By Jodee Weiland
A while back, I went out to lunch with two of my sisters, Caryle and Jerilyn. Jerilyn is mentally handicapped, and Caryle and I take her to lunch on Sunday afternoons. She loves that, and we all look forward to this time spent together. Jerilyn’s perpetual innocence and ability to just blurt out whatever comes to mind at the moment, is both refreshing and sometimes humorous for all of us. Each time we get together, the things she will say to us bring back many fond memories!
While together today, we were talking about our time spent together with our parents and family growing up. We all feel very fortunate to have had the parents we did. One thing there was no shortage of in our family was love. Sometimes money was short, but never love. This was due in large part to our mother, who was a very classy lady, and our father, who was a very loving and humorous guy.
As we were reminiscing, I couldn’t help thinking about how I first learned to dance, even before my first ballet lesson. My parents were great dancers and known throughout the family for their legendary style on the floor, especially when ballroom dancing. Well, when I was very little, dad would pick me up and dance with me. I remember feeling like a princess flying on air as he danced with me in his arms. Looking back, I realized how very important memories are to all of us.
When I was a young child, families took pictures. Later, as a parent, I took pictures and videotaped special family moments, but I realize now that I did not do this nearly enough of this, even though I did take a lot of pictures. Young people today have even more ways to chronicle memories, but many make the same mistake I made. Yes, they post a lot of pictures on Facebook and other social media, but that’s not what I am talking about here. Although I have pictures of my parents who are now gone, I wish I had more. I wish I had chronicled their lives on videotape through conversations with them or interviews of some kind.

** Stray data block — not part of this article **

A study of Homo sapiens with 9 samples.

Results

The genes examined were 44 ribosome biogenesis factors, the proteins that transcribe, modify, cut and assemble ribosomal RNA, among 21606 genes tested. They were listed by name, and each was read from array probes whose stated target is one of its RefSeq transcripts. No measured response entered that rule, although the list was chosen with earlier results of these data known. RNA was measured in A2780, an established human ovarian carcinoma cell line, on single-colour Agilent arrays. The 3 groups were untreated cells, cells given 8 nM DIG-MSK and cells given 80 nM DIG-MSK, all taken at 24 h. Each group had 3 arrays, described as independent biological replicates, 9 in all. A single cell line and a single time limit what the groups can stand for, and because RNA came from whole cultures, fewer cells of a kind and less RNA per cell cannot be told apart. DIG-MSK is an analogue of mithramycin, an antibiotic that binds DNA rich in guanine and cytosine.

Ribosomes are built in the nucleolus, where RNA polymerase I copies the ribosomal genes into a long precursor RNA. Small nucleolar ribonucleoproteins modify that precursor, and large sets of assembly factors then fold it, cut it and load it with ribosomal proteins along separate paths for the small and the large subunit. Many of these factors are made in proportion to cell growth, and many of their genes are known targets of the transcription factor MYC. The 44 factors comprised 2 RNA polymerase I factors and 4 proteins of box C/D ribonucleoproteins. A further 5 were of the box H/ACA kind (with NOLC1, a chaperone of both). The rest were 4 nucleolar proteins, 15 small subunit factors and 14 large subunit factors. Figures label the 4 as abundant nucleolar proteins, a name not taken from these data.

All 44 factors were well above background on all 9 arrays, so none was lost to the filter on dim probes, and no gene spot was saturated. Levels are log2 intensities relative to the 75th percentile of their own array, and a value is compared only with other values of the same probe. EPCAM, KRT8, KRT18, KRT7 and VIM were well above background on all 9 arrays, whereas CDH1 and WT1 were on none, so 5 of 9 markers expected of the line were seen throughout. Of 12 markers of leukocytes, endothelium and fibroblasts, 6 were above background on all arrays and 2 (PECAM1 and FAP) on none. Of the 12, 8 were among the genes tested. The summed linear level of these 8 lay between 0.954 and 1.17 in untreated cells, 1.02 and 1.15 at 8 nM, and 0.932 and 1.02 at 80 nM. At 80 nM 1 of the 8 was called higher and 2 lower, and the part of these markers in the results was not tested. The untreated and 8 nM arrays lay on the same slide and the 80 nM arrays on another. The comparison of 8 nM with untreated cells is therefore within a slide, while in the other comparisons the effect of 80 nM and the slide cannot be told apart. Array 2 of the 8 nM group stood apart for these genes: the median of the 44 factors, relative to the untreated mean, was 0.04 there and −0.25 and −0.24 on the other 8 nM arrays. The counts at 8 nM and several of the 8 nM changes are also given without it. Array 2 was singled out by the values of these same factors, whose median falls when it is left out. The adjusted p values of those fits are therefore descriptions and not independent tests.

So while you have the time, think about putting together a video of just your parents, your children’s grandparents, talking about their childhood and their own parents. I think this is a great idea. They can talk about their lives and how they met and all their other memories. Later you can add to that any clips you may take of them, like dancing together at some family occasion or even just reading to their grandchildren. You won’t regret your decision to do this. In fact, you will probably be happy that you took the time to make these memories for yourself and your children. I really wish I had done more of this when I had the chance, but for me…for now…I still have my memories to look back on all the time. And by the way, never forget to make a memory of all your special moments as well. As I used to tell my children repeatedly whenever we were doing something special together, “Make a memory!” Enjoy!